How birds see straight (video)
Swans beat their wings five times per second, and yet their heads stay remarkably still. How is this possible?
You know how it is, you take to the air, your body flaps all over the place and it makes your head shake. It’s impossible to see where you are going. Everything is a bit fuzzy.
Pretty frustrating, if we could fly that is.
Not so for flying animals, they flap their wings about - some at super-charged speeds - and have no trouble seeing.
Their sight is extremely precise and that’s in part because flying birds have great head-eye co-ordination.
“Basically they are generating a force that changes wing beat by wing beat,” says David Lentink of Stanford University in California, US.
This is especially visible in birds with long necks such as swans or geese.
Geese, in fact, go one further. As a goose is on the way to landing, it will twist its body until it is flying upside down. At the same time its head turns 180 degrees in order to see straight.
Scientists have now sought to understand how exactly birds like geese and swans, can still see so well as they move. Surprisingly, Lentink says, not much was known about how birds move their heads in flight.
“That might seem like a simple question but we also put a lot of efforts in stabilising our own head when we are running. That’s important if we want to prevent blurry vision.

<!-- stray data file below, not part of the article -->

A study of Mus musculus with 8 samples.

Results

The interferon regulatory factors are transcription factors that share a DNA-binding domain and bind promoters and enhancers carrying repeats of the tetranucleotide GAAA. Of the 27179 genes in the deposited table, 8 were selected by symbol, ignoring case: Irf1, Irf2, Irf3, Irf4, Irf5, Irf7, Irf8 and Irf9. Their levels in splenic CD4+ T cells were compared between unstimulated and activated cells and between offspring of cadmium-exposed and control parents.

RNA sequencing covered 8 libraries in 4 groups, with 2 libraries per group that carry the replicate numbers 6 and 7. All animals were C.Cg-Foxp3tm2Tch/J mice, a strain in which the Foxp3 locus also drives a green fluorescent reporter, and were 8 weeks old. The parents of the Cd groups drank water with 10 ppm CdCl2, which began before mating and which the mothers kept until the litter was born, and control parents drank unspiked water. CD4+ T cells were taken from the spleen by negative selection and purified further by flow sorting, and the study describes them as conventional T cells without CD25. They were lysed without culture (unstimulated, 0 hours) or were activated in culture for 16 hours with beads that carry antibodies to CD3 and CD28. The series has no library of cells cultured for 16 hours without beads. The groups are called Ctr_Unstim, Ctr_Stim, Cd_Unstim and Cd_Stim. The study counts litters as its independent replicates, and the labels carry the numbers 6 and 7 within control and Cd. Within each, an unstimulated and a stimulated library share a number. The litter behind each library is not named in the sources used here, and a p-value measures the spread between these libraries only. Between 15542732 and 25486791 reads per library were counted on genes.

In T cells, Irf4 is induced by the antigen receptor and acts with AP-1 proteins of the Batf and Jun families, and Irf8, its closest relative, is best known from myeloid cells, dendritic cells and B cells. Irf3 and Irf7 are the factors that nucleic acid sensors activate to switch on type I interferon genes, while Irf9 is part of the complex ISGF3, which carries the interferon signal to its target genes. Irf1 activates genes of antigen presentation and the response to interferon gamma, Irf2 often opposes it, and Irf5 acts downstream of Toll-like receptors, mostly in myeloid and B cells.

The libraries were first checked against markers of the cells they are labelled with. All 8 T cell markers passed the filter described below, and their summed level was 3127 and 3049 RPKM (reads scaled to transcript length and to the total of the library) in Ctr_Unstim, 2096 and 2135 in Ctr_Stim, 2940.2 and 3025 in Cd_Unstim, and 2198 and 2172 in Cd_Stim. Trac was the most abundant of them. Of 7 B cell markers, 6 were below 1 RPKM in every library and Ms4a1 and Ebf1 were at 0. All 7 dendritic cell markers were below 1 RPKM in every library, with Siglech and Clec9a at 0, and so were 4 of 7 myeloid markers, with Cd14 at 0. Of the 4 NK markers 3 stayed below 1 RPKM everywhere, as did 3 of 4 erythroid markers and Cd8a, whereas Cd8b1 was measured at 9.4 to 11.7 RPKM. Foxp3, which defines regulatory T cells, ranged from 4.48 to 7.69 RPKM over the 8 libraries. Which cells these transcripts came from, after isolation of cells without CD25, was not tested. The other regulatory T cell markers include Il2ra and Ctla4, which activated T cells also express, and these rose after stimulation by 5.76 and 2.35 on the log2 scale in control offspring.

“It becomes essential when making fast manoeuvres, birds are great examples of this,” he says.
Modeling the flight trajectory of the ordinary swan as it flew over a lake, his team found that swans use their necks to stablise their head – in a similar way to how car suspension works.
Using their observations from whooper swans the team modeled this suspension system in the lab to find it works just like the swan’s neck.
Their long necks really do serve to keep their heads steady, made possible because of how they are built. The findings are published in the Royal Society Interface.
Most birds have three times the vertebrae as humans, and swans have 200 muscles on each side of their neck.
This feat of nature could be mimicked in drones, the team propose. That way, any cameras attached could smoothly capture the world below.